Hillary Clinton. Not push polling. (Photo by Ethan Miller/Getty Images)

Polling is one of the most relied upon and least understood elements of modern politics.

Witness this story out of Nevada on Thursday night. Here's the key bit:

As the pressure builds ahead of the next contest in the primary fight, ABC News recently obtained an audio recording of what sounds like intensive message polling conducted on Clinton's behalf to a caller in the northern part of the state.

In the recording, provided to ABC News by the Sanders campaign, a woman's voice asks a man on the other end for, among other things, his impression of both talking points that are favorable to Clinton as well as a series of attack lines against the Vermont senator.

Ben Tulchin, a pollster from the Sanders campaign, is quoted as telling ABC that "in my view, it is one-sided, and that is what you call a push poll. A whole battery of negatives against Sanders and then, ‘Would that make you more or less likely to vote for him?"

Um, no.

If you listen to the audio, which ABC helpfully provides in the story, it's abundantly clear that this is a standard-issue poll -- the sort of thing that political campaigns do all the time. Polls conducted by/for a campaign are much more than just the standard "Will you vote for Candidate X or Candidate Y on election day." They are attempts to understand the electorate at some deeper level -- what do voters want to hear more of in terms of a positive message from your candidate and, yes, what sort of negative attacks would work best against your opponent.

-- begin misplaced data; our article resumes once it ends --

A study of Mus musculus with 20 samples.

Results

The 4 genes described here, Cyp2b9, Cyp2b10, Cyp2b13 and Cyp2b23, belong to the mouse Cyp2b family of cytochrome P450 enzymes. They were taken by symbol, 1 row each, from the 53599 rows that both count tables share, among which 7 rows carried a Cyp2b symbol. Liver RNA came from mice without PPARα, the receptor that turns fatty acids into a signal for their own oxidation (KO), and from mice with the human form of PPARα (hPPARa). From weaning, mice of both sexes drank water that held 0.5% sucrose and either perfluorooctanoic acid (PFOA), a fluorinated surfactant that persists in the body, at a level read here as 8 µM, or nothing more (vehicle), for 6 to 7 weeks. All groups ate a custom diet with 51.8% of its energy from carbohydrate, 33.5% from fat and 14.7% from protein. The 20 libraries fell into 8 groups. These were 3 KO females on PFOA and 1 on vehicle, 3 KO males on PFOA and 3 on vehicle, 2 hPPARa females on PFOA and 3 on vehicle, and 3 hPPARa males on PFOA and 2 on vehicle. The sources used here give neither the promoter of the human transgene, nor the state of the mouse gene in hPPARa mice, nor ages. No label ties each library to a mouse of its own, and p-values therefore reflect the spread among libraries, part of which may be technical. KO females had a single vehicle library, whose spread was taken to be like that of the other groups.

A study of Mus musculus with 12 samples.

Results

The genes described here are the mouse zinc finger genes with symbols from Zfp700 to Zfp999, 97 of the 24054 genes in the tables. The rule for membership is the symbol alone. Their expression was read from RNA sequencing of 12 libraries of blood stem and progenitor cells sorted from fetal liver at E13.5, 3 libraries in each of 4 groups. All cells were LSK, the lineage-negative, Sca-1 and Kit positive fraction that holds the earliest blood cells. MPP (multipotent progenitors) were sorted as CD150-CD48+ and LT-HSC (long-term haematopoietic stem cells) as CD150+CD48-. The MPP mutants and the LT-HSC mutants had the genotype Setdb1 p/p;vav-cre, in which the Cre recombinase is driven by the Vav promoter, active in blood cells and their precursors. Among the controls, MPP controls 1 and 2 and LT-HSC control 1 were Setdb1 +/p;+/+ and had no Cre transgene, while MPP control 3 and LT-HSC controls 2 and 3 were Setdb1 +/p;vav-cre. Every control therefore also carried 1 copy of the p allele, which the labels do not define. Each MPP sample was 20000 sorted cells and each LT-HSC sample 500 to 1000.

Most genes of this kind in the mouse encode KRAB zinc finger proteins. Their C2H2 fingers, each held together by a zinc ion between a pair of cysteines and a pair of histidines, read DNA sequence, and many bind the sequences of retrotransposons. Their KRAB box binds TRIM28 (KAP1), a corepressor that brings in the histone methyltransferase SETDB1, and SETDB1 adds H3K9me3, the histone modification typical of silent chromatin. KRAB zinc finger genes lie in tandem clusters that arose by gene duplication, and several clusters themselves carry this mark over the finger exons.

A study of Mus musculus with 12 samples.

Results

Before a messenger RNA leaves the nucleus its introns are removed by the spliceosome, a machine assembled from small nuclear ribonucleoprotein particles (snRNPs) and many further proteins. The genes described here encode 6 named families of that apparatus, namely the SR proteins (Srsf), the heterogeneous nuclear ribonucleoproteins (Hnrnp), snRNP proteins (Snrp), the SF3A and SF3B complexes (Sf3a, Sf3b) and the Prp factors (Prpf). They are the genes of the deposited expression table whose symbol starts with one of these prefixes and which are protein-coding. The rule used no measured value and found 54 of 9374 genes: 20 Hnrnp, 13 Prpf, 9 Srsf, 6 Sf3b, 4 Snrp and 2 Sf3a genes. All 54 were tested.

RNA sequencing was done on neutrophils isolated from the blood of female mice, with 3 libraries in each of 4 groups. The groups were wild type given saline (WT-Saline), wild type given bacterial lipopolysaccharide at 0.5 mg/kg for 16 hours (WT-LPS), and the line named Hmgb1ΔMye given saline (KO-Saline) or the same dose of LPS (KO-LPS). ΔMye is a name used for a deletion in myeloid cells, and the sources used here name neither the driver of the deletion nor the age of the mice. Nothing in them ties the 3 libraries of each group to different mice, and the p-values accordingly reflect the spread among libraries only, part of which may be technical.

Judging from the call, the negative messages being tested by Clinton against Sanders are totally normal fare for the heat of a presidential campaign. This one -- "Bernie Sanders is making big campaign promises that will cost up to 20 trillion dollars. The New York Times said his plans are not realistic" -- might not sit well with you if you are a Sanders backer (as the guy on the phone was/is), but it's far from out of bounds in terms of modern politics and polling.

It's most certainly not a push poll -- a much-misunderstood term that doesn't deal with actual polling at all. Push polling is a misnomer. What it is meant to describe is more accurately called negative phone calls. Someone calls you and tells you a bunch of negative stuff about a candidate. Then they hang up. It's not a scientific survey. It's just a negative phone call designed to push negative -- and often false -- information out to the voting public. John McCain having a "black" child is the sort of thing moved via push poll.

That isn't what Clinton and her campaign are doing here. Not even close. If a poll like this was a push poll, then every candidate who has ever run for anything is engaged in the dark art of push polling.

We in politics and political journalism do ourselves and the people who read/watch us a disservice when we throw around words like "push poll" for something that clearly isn't one. Let's stop.